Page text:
Think the Bailout Is Radical? Just Wait.

Federal Reserve Chairman Ben Bernanke addresses the the National Association for Business Economics' 50th annual meeting.
Federal Reserve Chairman Ben Bernanke addresses the the National Association for Business Economics' 50th annual meeting. (Chip Somodevilla - Chip Somodevilla/Getty Images)

Sunday, October 19, 2008

In the past month, the unprecedented has become routine. The Treasury Department and the Federal Reserve, headed by Republicans, have intervened in the U.S. economy to an extent that would have shocked liberals a year ago. The Treasury is now a major shareholder of U.S. banks, the Fed is a principal lender to private business, and the American taxpayer stands behind huge swaths of the financial system, from home mortgages to business bank accounts. "Socialism has now washed over free-market capitalism," Sam Donaldson of ABC News recently sighed.

Momentous? Sure. Socialism? Hardly. Breathtaking though these past weeks have been, they're nothing compared to what both the United States and other Western countries have experimented with in the past. But even though they have often departed from free markets in response to crisis, they eventually find their way back. Let's not get hysterical about changing the very nature of our system over the long haul. But in the meantime, don't rule out even more radical action.

Government ownership. You have to go back to the Great Depression and World War II to find examples of widespread U.S. government investment in private enterprise. But in other Western capitalist countries, nationalization was routine during the postwar period. Starting in 1946, Britain's Labor government nationalized transport, energy and communications companies, and by 1971, a Conservative government had taken over the failing automobile manufacturer Rolls Royce. At the peak, 10 percent of British economic output came from nationalized companies.

France, not surprisingly, went even further. When Francois Mitterrand's Socialists took power in 1981, they embarked upon a massive wave of nationalizations. The new government added 39 banks to those already owned by the state, putting 95 percent of the French banking system in government hands. "I am forced into retirement," declared a glum Baron Guy de Rothschild, head of the famed banking family's French branch. "I wish I could go on strike."

Unlike Mitterrand's moves, Treasury Secretary Henry M. Paulson Jr.'s partial nationalization of U.S. banks is driven by a need to keep the financial system intact, not a desire to take control of the means of production. In the 1990s, Japan and Sweden took over weakened banks and sold most of their stakes once the economy recovered.

If the current crisis deepens, Treasury's $250 billion passive investment -- which is less than a quarter of total bank capital in the United States -- could grow. And having said yes to banks, the government might find it hard to say no to buying stakes in other industries that also show up, cap in hand, or to other types of debt.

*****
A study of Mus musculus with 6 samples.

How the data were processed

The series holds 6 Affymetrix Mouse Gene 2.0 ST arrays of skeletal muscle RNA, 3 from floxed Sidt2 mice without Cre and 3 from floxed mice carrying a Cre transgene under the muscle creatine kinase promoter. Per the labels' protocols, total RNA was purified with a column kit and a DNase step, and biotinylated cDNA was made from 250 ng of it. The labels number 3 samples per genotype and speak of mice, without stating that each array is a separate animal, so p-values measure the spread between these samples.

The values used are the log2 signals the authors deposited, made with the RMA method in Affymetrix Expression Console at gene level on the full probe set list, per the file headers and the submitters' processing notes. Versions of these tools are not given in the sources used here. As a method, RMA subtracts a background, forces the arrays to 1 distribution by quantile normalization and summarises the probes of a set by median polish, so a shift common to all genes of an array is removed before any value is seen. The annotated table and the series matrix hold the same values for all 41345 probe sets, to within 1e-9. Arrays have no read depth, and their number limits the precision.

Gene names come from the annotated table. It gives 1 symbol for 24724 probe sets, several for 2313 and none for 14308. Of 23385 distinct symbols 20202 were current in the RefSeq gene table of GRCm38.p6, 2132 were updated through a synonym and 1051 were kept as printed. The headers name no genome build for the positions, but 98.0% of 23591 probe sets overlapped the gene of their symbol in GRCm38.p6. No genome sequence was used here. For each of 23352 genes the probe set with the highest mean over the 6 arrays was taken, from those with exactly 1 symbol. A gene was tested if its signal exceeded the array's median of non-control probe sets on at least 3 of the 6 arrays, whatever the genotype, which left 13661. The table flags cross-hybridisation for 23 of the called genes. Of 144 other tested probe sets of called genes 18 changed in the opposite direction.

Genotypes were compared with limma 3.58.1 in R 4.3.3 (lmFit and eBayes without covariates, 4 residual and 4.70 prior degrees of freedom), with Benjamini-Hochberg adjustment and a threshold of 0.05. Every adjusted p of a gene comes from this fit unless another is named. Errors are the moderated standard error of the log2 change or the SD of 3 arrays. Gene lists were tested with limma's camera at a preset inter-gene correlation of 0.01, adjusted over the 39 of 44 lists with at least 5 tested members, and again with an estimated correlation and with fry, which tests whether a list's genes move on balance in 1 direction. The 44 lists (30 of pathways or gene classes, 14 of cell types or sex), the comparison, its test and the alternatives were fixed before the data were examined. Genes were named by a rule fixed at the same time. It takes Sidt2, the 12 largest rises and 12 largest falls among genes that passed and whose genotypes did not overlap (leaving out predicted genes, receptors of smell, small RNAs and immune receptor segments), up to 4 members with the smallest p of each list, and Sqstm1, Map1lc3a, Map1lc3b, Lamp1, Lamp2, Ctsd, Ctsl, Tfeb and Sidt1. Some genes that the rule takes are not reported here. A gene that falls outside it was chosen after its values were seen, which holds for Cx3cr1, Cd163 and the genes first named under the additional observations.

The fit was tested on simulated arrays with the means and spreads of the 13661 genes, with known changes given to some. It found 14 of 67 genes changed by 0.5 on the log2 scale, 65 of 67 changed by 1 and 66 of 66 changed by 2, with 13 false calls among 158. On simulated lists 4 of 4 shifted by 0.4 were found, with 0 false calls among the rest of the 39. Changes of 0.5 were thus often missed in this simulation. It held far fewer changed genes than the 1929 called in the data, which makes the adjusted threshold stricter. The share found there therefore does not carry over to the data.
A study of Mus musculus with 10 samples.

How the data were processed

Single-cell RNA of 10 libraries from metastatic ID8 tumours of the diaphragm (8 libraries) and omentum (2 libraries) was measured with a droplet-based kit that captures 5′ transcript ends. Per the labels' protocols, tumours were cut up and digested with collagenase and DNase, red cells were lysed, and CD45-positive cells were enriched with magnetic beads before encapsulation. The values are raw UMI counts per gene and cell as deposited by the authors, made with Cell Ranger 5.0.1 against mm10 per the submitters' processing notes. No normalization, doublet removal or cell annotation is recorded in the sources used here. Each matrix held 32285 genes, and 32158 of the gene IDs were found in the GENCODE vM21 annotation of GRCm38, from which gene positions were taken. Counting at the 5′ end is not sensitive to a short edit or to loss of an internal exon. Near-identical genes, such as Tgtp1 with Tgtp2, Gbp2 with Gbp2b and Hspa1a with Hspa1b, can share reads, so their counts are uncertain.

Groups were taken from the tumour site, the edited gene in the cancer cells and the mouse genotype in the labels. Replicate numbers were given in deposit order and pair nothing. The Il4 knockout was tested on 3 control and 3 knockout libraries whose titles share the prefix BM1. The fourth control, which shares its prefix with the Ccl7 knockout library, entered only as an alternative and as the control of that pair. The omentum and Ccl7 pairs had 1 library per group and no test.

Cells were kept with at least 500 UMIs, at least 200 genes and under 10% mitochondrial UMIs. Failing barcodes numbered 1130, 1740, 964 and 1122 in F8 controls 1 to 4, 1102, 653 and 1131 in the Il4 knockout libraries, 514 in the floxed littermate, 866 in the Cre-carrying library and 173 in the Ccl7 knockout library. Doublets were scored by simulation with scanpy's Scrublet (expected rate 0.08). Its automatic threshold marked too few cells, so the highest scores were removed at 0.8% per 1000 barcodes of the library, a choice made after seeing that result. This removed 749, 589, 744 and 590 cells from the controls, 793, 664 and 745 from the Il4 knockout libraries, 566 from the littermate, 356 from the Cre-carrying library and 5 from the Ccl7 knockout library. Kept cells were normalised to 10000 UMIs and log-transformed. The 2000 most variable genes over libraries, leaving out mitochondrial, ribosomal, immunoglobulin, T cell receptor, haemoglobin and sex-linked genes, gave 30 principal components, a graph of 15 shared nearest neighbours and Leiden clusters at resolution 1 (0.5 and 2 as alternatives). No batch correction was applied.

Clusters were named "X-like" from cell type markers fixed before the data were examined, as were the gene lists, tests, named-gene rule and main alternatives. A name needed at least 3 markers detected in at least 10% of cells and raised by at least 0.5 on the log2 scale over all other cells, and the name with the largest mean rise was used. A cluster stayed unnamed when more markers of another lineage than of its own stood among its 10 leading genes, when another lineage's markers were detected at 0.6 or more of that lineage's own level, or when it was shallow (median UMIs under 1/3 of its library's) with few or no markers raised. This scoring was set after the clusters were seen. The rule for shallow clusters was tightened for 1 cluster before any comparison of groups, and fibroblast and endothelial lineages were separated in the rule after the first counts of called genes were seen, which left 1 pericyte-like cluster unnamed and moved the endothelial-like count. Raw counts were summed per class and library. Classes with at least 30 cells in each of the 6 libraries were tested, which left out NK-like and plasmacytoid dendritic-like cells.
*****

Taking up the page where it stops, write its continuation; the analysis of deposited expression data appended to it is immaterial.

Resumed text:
Fed loans. In total dollars, the expansion of Federal Reserve lending is actually larger than the price tag of the Treasury Department's actions. That might grow even further.

By law and tradition, the Fed is the lender of last resort, a role it fulfills by making short-term, secured loans to banks. But many of the firms whose failure threatens the entire economy nowadays aren't banks. A clause in the Federal Reserve Act lets the Fed lend to other types of firms -- under "unusual and exigent circumstances." Since March, Fed Chairman Ben S. Bernanke has routinely invoked this clause to let his institution help out investment banks, mortgage giants Fannie Mae and Freddie Mac, the insurer American International Group (AIG) and large companies that issue unsecured IOUs known as "commercial paper," such as General Electric.

It has been a huge change. Before the crisis began, the Fed had $868 billion of assets, 91 percent of them in innocuous Treasury bills and bonds. Now it has $1.6 trillion in assets, with less than 30 percent of them in Treasuries; the remaining assets are mostly in the form of loans to banks, securities firms, AIG, foreign central banks, commercial-paper programs and so on.

Could Bernanke go even further? He has promised to use "all of the powers at our disposal" to stop the credit crunch. As of June 30, loans to U.S. households, non-financial companies and state and local governments stood at $27 trillion. In theory, the Fed could supply all of this. But that doesn't mean that it should. At some point, Fed loans would keep alive borrowers that simply ought to fail. And the more credit the Fed extends now, the longer it will take to withdraw once the crisis passes -- a process that risks spurring inflation.

But the Fed could go quite a ways yet: Its $1.8 trillion in assets is equal to just 12 percent of America's gross domestic product. To battle deflation earlier this decade, the Bank of Japan stuffed Japanese banks with cash, hoping they'd lend it back out. At its peak, the Bank of Japan's balance sheet amounted to 30 percent of GDP. All this government effort didn't help much: Japan's banks were still so undercapitalized that they were reluctant to lend. But the Bank of Japan's exertions didn't trigger inflation, either.

Buy other assets. Ask the average congressman why he voted for the $700 billion bailout package, and he'll probably point to the sickening plunge in the Dow Jones Industrial Average. So would it be better for the U.S. government simply to buy stocks?